New Orleans-For patients with low to moderate hyperopia who may be risk-adverse for surgical correction, there is a low-cost, non-invasive, pain-free procedure of 2.5 seconds, said James J. Salz, MD.
The patient will also have immediate vision improvement after noninvasive keratoplasty.
The catch for patients is also the bonus for practitioners: the effect is temporary, gradually fading, which, if the patient desires, can lead to multiple re-treatments.
“The plan is to re-treat as they lose effect,” said Dr. Salz, clinical professor of ophthalmology, University of Southern California, Los Angeles.
As an example, one patient was treated with noninvasive keratoplasty 10 times over 5 years. Many patients maintain good results up to 2 years, he said.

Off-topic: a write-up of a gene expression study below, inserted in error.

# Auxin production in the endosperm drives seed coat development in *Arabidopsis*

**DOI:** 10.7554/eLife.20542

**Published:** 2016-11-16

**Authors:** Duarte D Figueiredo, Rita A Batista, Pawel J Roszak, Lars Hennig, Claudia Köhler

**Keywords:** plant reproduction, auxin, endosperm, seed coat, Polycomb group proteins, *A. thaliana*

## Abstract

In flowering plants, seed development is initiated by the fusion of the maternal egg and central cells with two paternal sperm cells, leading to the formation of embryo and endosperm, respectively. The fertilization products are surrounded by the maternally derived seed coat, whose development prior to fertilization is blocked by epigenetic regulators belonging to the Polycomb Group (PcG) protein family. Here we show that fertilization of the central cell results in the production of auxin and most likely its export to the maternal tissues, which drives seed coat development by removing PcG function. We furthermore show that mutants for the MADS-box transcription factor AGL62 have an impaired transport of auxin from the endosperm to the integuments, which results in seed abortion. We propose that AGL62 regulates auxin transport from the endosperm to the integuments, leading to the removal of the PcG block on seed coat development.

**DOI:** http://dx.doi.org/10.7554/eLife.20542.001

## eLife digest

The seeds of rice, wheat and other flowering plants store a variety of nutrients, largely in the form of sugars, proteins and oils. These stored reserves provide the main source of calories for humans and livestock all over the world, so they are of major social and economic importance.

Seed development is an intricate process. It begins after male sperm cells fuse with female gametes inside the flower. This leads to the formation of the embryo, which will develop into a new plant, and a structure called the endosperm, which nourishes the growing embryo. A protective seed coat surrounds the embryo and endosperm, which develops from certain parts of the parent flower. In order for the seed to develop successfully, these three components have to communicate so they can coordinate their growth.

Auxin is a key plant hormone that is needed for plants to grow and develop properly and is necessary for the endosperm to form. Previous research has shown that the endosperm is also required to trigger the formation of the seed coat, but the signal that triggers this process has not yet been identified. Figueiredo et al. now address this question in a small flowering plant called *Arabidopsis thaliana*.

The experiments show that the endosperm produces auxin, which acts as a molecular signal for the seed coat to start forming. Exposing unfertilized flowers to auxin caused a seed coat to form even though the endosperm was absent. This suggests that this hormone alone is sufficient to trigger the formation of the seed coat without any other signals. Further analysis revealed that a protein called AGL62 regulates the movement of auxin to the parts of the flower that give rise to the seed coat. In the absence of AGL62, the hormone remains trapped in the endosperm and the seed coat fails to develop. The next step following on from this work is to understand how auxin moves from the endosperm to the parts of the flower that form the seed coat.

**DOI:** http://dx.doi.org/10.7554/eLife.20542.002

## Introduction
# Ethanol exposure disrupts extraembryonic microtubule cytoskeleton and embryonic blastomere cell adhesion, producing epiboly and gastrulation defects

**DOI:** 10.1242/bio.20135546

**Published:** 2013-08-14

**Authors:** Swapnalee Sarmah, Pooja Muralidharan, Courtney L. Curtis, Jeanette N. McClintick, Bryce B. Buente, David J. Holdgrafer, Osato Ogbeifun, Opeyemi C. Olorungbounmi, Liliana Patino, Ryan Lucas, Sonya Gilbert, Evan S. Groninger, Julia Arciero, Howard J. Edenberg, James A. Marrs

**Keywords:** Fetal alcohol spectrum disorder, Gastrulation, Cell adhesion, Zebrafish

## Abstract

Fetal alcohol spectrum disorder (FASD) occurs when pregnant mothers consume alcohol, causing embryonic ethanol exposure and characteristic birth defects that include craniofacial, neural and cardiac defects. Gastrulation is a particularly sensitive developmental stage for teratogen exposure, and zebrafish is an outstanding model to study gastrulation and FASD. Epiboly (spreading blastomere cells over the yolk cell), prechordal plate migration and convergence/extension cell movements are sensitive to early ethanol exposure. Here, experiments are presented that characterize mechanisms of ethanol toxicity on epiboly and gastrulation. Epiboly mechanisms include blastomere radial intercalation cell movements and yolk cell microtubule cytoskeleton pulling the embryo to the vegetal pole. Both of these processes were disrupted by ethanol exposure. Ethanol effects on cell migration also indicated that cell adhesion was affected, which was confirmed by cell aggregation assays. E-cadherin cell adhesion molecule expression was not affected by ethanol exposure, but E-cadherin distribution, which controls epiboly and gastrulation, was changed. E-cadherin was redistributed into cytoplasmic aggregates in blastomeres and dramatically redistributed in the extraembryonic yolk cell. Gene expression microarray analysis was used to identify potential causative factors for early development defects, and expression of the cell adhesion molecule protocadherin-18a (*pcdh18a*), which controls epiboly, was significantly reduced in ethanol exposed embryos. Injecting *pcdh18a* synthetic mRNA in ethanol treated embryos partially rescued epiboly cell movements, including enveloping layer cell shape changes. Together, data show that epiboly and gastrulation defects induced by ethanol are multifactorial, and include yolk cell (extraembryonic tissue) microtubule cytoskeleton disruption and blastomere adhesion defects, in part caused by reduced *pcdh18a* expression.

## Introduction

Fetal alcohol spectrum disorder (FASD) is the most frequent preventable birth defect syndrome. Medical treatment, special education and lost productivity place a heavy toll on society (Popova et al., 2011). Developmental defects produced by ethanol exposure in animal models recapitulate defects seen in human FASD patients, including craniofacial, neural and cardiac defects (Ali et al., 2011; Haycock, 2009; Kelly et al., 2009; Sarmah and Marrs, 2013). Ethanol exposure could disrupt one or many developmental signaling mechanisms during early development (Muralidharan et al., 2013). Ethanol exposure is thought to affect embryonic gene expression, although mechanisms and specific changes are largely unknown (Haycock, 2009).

Although Dr. Salz’s clinical trial is temporarily on hold due to protocols surrounding an equipment change, the U.S clinical trial for correction of low to moderate hyperopia by noninvasive keratoplasy has looked at 10 eyes.
Of these, zero adverse events or statistically significant changes were reported in corrected distance visual acuity, astigmatism, IOP, corneal thickness, endothelial cell density, ocular aberrations, or corneal sensitivity.
In terms of effectiveness, in post-primary treatment, the mean binocular uncorrected distance visual acuity was 20/25 or better; improvements were statistically significant through 24 months.
During noninvasive keratoplasty, the corneal epithelium is left intact, protected by a sapphire window, which acts as heat sink to protect from thermal damage.